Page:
We can find solutions to health care through models that improve lives
Most likely, many of us have run into the complexities of the modern world of medicine. The care itself might have been very professional, but the system could have been too hard to navigate. Or the costs may have been unclear as well as burdensome.
Whatever the complication, we know the problems. But what are the solutions?
That is the question we explore in this Catalyst. A central aim of this journal is to offer solutions, so we are focusing on health models that improve lives.
We draw upon experts to address this topic in the three ways highlighted below. A common theme in each is the need for robust systems of medical care and the pivotal role of local communities in delivering compassionate aid.
Rebuilding the health care workforce:
- Dr. Anthony Fauci, former Director of the National Institute of Allergy and Infectious Diseases, discusses renewing and strengthening the public health workforce.
- Dan Goldenberg, Executive Director of Call of Duty Endowment, and Mary Moore Hamrick, the Don Evans Family Managing Director of Domestic Policy at the Bush Institute, exchange ideas about how trained veteran health care workers can become licensed medical professionals.
- Cullum Clark, Director of the Bush Institute-SMU Economic Growth Initiative, details pathways into America’s health care workforce for both native-born and foreign-born students.
Expanding access to care:
- Dr. Deborah Birx, a Bush Institute Senior Fellow, former White House Coronavirus Response Coordinator, and former U.S. Global AIDS Coordinator, applies lessons learned from her experiences with COVID-19 and PEPFAR to improve rural health care.
- Matthew Brogdon, Executive Director of Hesperus and a Stand-To Veteran Leadership Scholar, prescribes ways to expand health care to tribal communities, especially to Native American veterans.
- Meg Harrell, Chief Program Officer at the Bob Woodruff Foundation, and Colonel Matthew Amidon, former Director of Veteran and Military Families at the Bush Institute, discuss how some psychedelic drugs, when used under proper medical care, could help veterans cope with the invisible wounds of war.
- Alex Gorsky, the April and Jay Graham Fellow at the Bush Institute and the former Chairman and CEO of Johnson & Johnson, explains how collaboration between the private and public sectors can resolve significant health care challenges.
- Robert A. McDonald, the former Secretary of Veterans Affairs and former CEO of Procter & Gamble, addresses period poverty as a key part of improving health care for women.
- Dr. Eric Goralnick and Dr. Catalina González Marqués, emergency medicine physicians at Brigham and Women’s Hospital and faculty at Harvard Medical School, report on delivering medical care in nations and communities besieged by conflict.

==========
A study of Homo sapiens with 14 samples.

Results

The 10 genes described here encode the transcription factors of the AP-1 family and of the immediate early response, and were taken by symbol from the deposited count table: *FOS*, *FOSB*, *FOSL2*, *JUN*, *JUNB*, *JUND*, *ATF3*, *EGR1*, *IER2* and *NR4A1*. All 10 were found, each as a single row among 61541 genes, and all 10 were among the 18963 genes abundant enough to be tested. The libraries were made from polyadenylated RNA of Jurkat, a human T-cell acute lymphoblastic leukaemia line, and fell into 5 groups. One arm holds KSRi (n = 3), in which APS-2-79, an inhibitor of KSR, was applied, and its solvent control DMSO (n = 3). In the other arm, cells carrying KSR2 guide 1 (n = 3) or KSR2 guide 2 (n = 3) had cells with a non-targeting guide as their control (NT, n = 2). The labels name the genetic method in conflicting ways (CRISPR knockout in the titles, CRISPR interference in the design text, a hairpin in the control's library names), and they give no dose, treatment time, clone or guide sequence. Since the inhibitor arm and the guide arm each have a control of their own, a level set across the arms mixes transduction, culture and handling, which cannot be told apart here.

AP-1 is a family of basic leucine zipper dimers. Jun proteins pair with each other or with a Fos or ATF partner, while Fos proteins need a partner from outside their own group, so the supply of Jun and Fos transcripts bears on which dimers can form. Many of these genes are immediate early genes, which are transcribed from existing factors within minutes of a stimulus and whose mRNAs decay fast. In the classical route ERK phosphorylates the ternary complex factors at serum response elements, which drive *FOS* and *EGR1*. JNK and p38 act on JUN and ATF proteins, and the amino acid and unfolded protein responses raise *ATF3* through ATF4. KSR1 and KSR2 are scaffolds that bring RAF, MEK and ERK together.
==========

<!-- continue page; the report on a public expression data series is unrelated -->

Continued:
- Alap Davé, Associate in the Bush Institute-SMU Economic Growth Initiative, analyzes how price transparency, marketplace competition, and a broader medical profession pipeline would improve our health care system.
The PEPFAR model:
- Rep. Barbara Lee, D-Calif., recalls PEPFAR’s contributions and why Congress should address the gaps that remain in caring for patients with HIV/AIDS in sub-Saharan Africa.
- Evan Mawarire, a Zimbabwean pastor, democracy activist, and Director of Education at the Renew Democracy Initiative, describes how a nation’s civil society helps PEPFAR impact people’s lives.
- Dr. William Steiger, the Bush Institute’s Global Health Consultant and former Managing Director of the Secretariat of Pink Ribbon Red Ribbon, explains PEPFAR’s role in stabilizing nations and communities and upholding human rights.
As I close this Editor’s Note, let me say how pleased I am to hand off the baton to Jonathan Tepperman as the new Editor-in-Chief of the Catalyst and a Senior Fellow at the Bush Institute. Jonathan’s expert credentials as the former Managing Editor of Foreign Affairs and former Editor of Foreign Policy will serve this journal of ideas well as he shapes its future.
The author and journalist has the skills and vision to elevate the Catalyst in its mission of applying the principles of compassionate conservatism to modern challenges. I, for one, look forward to reading these pages under his guidance.
Meanwhile, we welcome and appreciate your comments about the interviews and essays in this edition. As always, these pieces do not necessarily reflect the views of the Bush Institute, but they keep with our mission of being a catalyst for ideas and prompting action.